Cupid's Pulse Article: Relationship Advice: What To Do If Your Partner’s Family Doesn’t Like YouCupid's Pulse Article: Relationship Advice: What To Do If Your Partner’s Family Doesn’t Like You

By Lori Zaslow and Jennifer Zucher for Project Soulmate with contributing writers Elizabeth Hamilton and Alexandra Ciuffo

We’ve all been there: you’re dating the man or woman of your dreams and then all of a sudden they suggest meeting their parents. *gasp* This can either go really well or be something of a disaster. When a loved one’s parents don’t like you dating their son or daughter, well, it can bring a lot of stressful elements into your relationship. Here is some relationship advice from VIP Matchmakers from Project Soulmate on getting through tough times with your “in-laws” – and how you can come out from it even stronger than before!

Relationship Advice That Will Help You Deal With Difficult Parents

1. Take A Second To Think: Before even talking to your significant other’s parents, take a second to decide how you feel. If you’ve met their parents, chances are things are pretty serious. However, if you’ve been having doubts about your relationship, this might be a sign of a deeper problem. If you decide that you are happy with your partner, then keep that in mind for the next few steps. Finding love in NYC can be hard enough, so if you’ve found it, hold onto it! Your love for them is what will make all the hardships of your relationship, including difficulties with their parents, worthwhile.

2. Talk To Your Partner: Once you’ve thought about your feelings, bring them up to your partner. Getting this awful feeling off your chest will ease your relationship and will open up true honesty between the both of you. By talking to your partner, it will give both of you the opportunity to express your true feelings and see what the next steps should be. Tell them how you feel and ask them to do the same. Chances are they may have noticed their parents behavior too! They might even have insight to help you improve your relationship with their parents. Keep in mind that they may need some time to think about what’s going on, especially if they weren’t aware of relationship problems in the first place.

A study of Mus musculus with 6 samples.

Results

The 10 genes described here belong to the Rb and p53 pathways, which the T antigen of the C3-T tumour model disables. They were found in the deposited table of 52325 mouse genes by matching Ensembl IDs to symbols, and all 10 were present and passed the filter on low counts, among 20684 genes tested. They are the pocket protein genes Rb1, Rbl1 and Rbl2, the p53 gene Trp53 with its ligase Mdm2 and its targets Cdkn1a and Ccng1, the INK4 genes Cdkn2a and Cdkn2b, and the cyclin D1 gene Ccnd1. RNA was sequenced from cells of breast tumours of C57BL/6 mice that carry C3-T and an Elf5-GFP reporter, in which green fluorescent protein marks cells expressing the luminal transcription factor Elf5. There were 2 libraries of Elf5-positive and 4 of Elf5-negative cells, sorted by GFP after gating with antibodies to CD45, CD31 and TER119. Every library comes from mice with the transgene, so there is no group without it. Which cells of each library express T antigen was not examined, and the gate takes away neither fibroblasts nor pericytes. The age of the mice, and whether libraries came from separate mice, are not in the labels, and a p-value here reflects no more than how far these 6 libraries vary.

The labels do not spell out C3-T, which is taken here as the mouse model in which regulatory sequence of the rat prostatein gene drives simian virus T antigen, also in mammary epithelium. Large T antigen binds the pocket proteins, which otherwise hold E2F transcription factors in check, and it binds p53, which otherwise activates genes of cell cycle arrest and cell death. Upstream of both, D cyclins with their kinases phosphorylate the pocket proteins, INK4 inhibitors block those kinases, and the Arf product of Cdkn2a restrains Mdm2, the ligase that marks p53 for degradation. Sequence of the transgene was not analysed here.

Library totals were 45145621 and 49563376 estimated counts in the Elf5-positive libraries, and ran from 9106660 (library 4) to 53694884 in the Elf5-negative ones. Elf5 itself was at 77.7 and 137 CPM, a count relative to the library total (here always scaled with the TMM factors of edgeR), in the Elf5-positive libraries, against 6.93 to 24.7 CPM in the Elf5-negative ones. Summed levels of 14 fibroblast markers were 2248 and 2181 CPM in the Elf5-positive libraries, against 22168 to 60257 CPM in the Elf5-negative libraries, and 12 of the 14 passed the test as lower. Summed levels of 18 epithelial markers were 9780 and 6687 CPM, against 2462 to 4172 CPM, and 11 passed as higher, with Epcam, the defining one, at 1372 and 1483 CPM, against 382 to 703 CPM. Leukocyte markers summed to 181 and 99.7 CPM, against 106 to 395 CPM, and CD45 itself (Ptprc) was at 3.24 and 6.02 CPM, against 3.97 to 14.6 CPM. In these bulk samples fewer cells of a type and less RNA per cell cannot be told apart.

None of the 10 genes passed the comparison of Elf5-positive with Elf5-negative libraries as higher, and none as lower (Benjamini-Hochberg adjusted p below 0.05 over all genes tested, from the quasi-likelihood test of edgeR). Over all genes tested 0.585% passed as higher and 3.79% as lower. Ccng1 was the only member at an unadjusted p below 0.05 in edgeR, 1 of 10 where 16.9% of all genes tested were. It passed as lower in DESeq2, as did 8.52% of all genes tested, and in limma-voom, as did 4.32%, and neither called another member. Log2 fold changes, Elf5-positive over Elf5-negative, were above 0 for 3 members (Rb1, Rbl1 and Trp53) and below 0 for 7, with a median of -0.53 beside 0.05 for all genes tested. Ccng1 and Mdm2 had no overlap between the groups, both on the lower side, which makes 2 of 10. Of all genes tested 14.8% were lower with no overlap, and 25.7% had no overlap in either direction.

Related Link: Relationship Advice: How to Handle Your Significant Other’s Family

3. Talk To Their Parents: Once you’ve talked to your partner, the two of you should take the discussion to their parents. A laid-back and open talk gives you and your significant other and their parents an opportunity to express and understand each other’s feelings with compassion. Here’s helpful relationship advice that will help you move forward during this talk:

  • Start off by telling your S/O’s parents what you’ve noticed tension and how it makes you feel. Focus on yourself. Remember those “I” statements you had to learn in middle school? Bring those back. Tap into your own emotions and avoid blaming them.
  • Come together as a united front. Make sure the parents know that you and your S/O have talked about this and are on the same page. Have each other’s backs, and support each other during the discussion.
  • Listen to what their parents have to say. Maybe this whole thing has been a misunderstanding. Or maybe something you said when you first met your S/O’s parents left a bad taste in their mouth and they didn’t know how to approach you about it. Maybe they genuinely just don’t like you. You won’t know until you ask and listen to what they have to say.
  • Relationship experts and NYC Matchmakers Jenn and Lori say that the most important step is to express your feelings towards their son or daughter. Tell them that you care about your S/O and want to have a better relationship. Also tell them that their actions will not influence your relationship with your loved one. You should be friendly when you talk with them, but don’t let them push you and your S/O around.

4. Move Forward, But Don’t Obsess: If the talk goes well, great! If the talk doesn’t go well, don’t worry! All is not lost! Remember what has grounded you throughout this experience: your love for your significant other. If you don’t think that your relationship with your boyfriend’s or girlfriend’s parents will improve, there’s nothing more you can do at this point to help the situation. Ultimately, you and your partner decide what’s best for the two of you. Dating in NYC can be tough, but just keep calm and focus on being happy with your cutie!